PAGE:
From the November-December 2021 issue of News & Letters
The opposition to “critical race theory” is an old idea in new clothes, whitewashing U.S. history based on a mythical past. A Trumpist “great America” never existed. Every aspect of building America was done with immense human sacrifice. The Brooklyn Bridge is an engineering wonder. But building it cost untold numbers of lives, most of them new immigrants.
HISTORY MEANS SEEING SLAVERY’S HORRORS
Republicans in Virginia may have won the governor’s race by attacking the teaching of Toni Morrison’s book Beloved in schools. The parents of one of the white students claimed that its portrayal of the brutality of slavery gave him nightmares. Republican activists objected to the school teaching such texts. Their cry is “parents’ rights,” which includes a number of issues: from opposing vaccines and masks and bathroom usage by gender non-conforming students, to attacks on “critical race theory,” which is not even taught in Virginia’s public schools.
Why is it so hard for some people to admit that horrible wrongs were committed in the past? The boy’s parents think of themselves as decent people only trying to protect their son. Yet if Beloved is so horrifying for him, why is that? Some say that for a white man to admit a fault contradicts his identity, based on “white” is good.
Yet these “good” people engaged in a slaughter of hundreds of thousands in the U.S. Civil War over the issue of owning people of another color. They object to teaching Beloved because it forces them look at the horrors of slavery perpetrated by people who look like them and their son.
They are forfeiting their ability to think, to deal with harsh truths. Is it so hard to say that it’s wrong for a human to be thought of as less than you because of the color of their skin? Or the God they believe in? In trying to “protect” their son, they are depriving all children of an environment where they can learn their real history and develop as human beings.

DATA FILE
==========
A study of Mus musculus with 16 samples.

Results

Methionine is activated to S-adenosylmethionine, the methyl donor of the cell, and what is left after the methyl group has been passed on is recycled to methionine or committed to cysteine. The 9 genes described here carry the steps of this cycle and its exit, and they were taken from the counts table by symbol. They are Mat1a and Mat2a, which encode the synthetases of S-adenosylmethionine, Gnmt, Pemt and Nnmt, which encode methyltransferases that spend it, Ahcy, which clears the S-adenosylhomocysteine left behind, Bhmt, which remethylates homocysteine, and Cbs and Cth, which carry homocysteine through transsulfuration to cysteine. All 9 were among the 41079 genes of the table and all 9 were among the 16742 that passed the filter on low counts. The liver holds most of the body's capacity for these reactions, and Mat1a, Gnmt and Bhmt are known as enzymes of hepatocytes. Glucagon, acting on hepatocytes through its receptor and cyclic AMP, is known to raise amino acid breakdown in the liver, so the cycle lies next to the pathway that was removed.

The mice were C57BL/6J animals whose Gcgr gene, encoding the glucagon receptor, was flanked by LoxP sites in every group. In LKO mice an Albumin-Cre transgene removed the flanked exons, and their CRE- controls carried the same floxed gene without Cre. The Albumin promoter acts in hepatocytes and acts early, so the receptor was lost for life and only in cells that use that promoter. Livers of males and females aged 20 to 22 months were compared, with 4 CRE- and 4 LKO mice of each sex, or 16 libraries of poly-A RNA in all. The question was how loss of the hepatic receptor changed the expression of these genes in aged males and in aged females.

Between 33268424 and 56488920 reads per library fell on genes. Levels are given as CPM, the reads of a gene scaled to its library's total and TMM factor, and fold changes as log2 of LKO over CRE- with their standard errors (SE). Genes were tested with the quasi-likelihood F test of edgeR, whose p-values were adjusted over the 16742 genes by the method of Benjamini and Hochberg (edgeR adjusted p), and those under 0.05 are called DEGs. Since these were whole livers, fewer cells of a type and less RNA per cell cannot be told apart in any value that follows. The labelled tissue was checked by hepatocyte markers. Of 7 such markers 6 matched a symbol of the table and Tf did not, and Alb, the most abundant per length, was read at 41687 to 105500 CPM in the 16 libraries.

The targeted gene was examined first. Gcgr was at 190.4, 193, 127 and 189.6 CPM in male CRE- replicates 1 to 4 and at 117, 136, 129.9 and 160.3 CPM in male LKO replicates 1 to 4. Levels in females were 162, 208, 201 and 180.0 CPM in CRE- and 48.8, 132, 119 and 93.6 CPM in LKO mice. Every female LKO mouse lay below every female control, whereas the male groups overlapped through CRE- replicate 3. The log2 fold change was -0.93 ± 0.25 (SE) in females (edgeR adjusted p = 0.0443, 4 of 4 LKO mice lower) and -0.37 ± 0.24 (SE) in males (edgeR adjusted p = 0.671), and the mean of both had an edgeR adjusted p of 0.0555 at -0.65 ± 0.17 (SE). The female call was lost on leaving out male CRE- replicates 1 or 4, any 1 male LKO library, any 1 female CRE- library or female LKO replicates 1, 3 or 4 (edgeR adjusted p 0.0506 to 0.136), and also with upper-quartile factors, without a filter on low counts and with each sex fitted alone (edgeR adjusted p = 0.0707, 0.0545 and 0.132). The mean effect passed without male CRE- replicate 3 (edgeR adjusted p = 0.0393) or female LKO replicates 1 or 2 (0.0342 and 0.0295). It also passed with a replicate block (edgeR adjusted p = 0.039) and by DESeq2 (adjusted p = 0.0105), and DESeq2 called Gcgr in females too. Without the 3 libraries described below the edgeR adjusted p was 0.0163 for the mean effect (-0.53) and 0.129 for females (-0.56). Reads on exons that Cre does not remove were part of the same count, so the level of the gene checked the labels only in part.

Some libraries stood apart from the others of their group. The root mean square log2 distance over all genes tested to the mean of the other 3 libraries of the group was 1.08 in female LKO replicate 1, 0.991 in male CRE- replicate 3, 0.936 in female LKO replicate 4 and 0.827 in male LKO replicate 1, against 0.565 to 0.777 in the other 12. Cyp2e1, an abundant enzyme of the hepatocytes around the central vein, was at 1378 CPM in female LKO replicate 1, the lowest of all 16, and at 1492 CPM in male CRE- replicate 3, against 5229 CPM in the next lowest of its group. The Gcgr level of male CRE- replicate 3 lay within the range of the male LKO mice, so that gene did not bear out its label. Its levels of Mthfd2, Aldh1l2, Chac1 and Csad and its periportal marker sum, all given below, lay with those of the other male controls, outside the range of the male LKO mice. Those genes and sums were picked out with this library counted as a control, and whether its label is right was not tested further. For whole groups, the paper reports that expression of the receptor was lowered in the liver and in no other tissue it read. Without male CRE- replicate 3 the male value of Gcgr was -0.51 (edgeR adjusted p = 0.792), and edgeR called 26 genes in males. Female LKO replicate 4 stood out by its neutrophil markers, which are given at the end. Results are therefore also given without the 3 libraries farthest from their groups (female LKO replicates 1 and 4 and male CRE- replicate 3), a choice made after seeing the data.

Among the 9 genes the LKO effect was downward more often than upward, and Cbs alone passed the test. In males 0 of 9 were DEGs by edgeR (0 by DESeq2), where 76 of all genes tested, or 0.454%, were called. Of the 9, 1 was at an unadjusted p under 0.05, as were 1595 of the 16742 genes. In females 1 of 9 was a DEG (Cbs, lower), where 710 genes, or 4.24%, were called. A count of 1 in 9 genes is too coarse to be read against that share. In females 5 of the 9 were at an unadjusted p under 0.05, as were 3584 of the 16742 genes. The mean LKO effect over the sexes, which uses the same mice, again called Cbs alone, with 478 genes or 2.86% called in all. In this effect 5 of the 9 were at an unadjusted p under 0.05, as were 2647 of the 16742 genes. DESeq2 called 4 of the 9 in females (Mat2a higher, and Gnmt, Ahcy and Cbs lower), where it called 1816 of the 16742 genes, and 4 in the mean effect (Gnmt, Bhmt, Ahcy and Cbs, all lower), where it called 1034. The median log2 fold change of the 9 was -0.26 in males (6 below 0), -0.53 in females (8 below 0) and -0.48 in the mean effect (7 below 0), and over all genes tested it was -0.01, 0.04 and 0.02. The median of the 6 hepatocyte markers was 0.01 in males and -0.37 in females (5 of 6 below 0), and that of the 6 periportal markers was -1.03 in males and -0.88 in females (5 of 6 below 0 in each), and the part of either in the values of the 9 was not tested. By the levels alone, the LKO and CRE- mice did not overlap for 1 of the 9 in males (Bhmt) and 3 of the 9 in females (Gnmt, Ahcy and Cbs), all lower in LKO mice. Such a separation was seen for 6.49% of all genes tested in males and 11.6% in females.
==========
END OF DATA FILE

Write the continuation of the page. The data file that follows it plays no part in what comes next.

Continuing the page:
We can’t find a way out of this until we face the horrors of reality, not just in history, or as history is depicted in novels, but in life.
Today the misery this system visits on humans is really ugly. So many people live without hope. San Francisco’s Tenderloin, where I work on the streets every day, is in large part just containment—containment of problems without addressing anything.
THE IMMEDIATE STRUGGLE FOR EXISTENCE
The people I see have so few relationships in their lives. And what few they had, were toxic. I see youth, especially, who just want to be heard, looking for someone to listen to them. I’ve heard of atrocities they went through in their homes. It leaves scars that go deeper than most people suspect. I see young teens who have run away from the abuse at home.
Lately, I hear shootings in San Francisco every night. There are too many street corners for the police to cover effectively. Drug culture is thriving. During the day mostly whites drive up to “pill alley” spending hundreds of dollars at a time for whatever drugs they want. But at night it’s a different story. There is a complete breakdown of society. Every morning there are more memorials, erected to victims of those shootings.
The struggle for existence here is immediate. It’s a predatory life. People are vying for basic necessities. Elderly people come to the Civic Center because they have to sell whatever they can for a dollar or two.
This is not unique to San Francisco. This is the way the world is now. The Third World is right here, in the U.S., and has been here for generations. People are fighting to exist. Not live, just exist!
You have to have more than a superficial interpretation of life. When you read Marx’s Capital with his description of so-called primitive accumulation, you read about lives sacrificed everywhere, whether in wars or workplaces, like building a bridge. That’s what you see here every day. What we see now is capitalism’s redundant, thrown away surplus population that has no value. What can you do? Sell them fentanyl? Capitalism has reduced a huge segment of society to this level.
If life is to have any meaning, it has to be more than mere existence. Marx was right when he said wealth is not about some mythical past, but contrasted wealth—in its present state as money or value accumulated in things—to actual human development and creativity freely shared within a community.